University of Washington

Recent Faculty Publications


April 14, 2014

A number of faculty have published books in recent weeks. Below is a list of the publications.

Confronting Memories of World War II: European and Asian Legacies edited by Daniel Chirot, Herbert J. Ellison Professor of Russian and Eurasian Studies, Gi-Wook Shin and Daniel Sneider

Confronting Memories coverIn both Europe and Asia, common questions of criminality, guilt, and collaboration have intersected with history and politics on the local level to shape the way that wartime experience has been memorialized, reinterpreted, and used. By directly comparing European and Asian legacies, Confronting Memories of World War II provides unique insight into the way that World War II continues to influence contemporary attitudes and politics on a global scale. The collection brings together experts from a variety of disciplines and perspectives to explore the often-overlooked commonalities between European and Asian handling of memories and reflections about guilt. These commonalities suggest new understandings of the war's legacy and the continuing impact of historical trauma.

Book Talk April 27, 2014: Yom Hashoah Commemoration with Lecture by Prof. Dan Chirot >>

Electrifying India: Regional Political Economies of Development by Sunila S. Kale, Assistant Professor

Electrifying India explores the political and historical puzzle of uneven development in India's vital electricity sector. In India, electrification was central to how early nationalists and planners conceptualized Indian development, and huge sums were spent on the project from then until now. Yet, sixty-five years after independence over 400 million residents of India are still without electricity. In some states, nearly all citizens have access to electricity, while in others fewer than half of households have reliable electricity. To help explain this variation, this book offers both a regional and a historical perspective on the politics of electrification of India.


Shifting Sands: The United States in the Middle East by Joel S. Migdal, Robert F. Philip Professor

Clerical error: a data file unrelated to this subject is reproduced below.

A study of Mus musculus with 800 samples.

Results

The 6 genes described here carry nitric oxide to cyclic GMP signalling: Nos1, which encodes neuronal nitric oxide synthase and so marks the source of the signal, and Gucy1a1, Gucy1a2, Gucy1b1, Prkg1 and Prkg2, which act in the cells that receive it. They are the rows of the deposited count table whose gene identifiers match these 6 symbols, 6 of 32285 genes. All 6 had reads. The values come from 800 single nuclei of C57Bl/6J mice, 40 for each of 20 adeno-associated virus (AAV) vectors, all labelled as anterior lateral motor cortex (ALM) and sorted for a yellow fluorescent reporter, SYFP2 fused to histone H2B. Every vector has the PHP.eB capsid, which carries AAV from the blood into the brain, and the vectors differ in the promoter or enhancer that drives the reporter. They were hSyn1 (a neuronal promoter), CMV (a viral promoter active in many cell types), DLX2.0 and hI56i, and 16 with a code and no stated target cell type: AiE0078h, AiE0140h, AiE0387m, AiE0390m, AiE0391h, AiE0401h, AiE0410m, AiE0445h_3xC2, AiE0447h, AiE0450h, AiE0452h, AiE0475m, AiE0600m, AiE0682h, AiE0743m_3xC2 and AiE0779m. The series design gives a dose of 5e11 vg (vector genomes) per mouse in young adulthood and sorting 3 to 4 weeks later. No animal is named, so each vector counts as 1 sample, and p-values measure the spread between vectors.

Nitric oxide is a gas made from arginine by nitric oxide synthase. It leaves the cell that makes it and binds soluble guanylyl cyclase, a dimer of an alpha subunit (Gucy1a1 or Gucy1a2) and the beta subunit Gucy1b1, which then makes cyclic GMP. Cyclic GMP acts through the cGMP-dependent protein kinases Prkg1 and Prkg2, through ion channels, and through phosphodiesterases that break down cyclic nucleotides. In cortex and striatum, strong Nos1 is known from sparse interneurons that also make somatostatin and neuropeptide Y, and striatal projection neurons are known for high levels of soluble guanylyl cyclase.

Joel S. Migdal revisits the approach U.S. officials have adopted toward the Middle East since World War II, which paid scant attention to transformations in the region. Migdal shows how insufficient attention to key transformations led to a series of missteps and misconceptions in the twentieth century. With the Arab uprisings of 2009 through 2011 prompting another major shift, Migdal sees an opportunity for the United States to deploy a new, more workable strategy, and he concludes with a plan for gaining a stable foothold in the region.


86 Days in Greece: A Time of Crisis by Taso Lagos, Foreign Studies Director for Hellenic Studies

86 Days in Greece
is an insider's view into the social, political, economic, and cultural dimensions of the crisis in Greece. This book provides a unique, philosophical and impressionistic account of one of the most important moments in Europe today. Without the conventional structure of theoretical assumptions and academic rhetoric, this work brings the reader as close as one can come to the Greek people, their understandings, trials and obstacles to future reforms.


Strategic Water: Iraq and Security Planning in the Euphrates-Tigris Basin by Frederick Lorenz, senior JSIS lecturer, and Edward J. Erickson

Strategic Water takes a close look at the decline in freshwater availability and its impact on regional security, a serious problem that is often neglected. The authors make it clear that the situation in Iraq is deteriorating much faster than expected, and in a few years much of Iraq’s water supply will be undrinkable, largely due to high salinity levels. This book predicts a crisis, what that might look like, as well as solutions to be done in the short term to help avoid the worst-case scenario.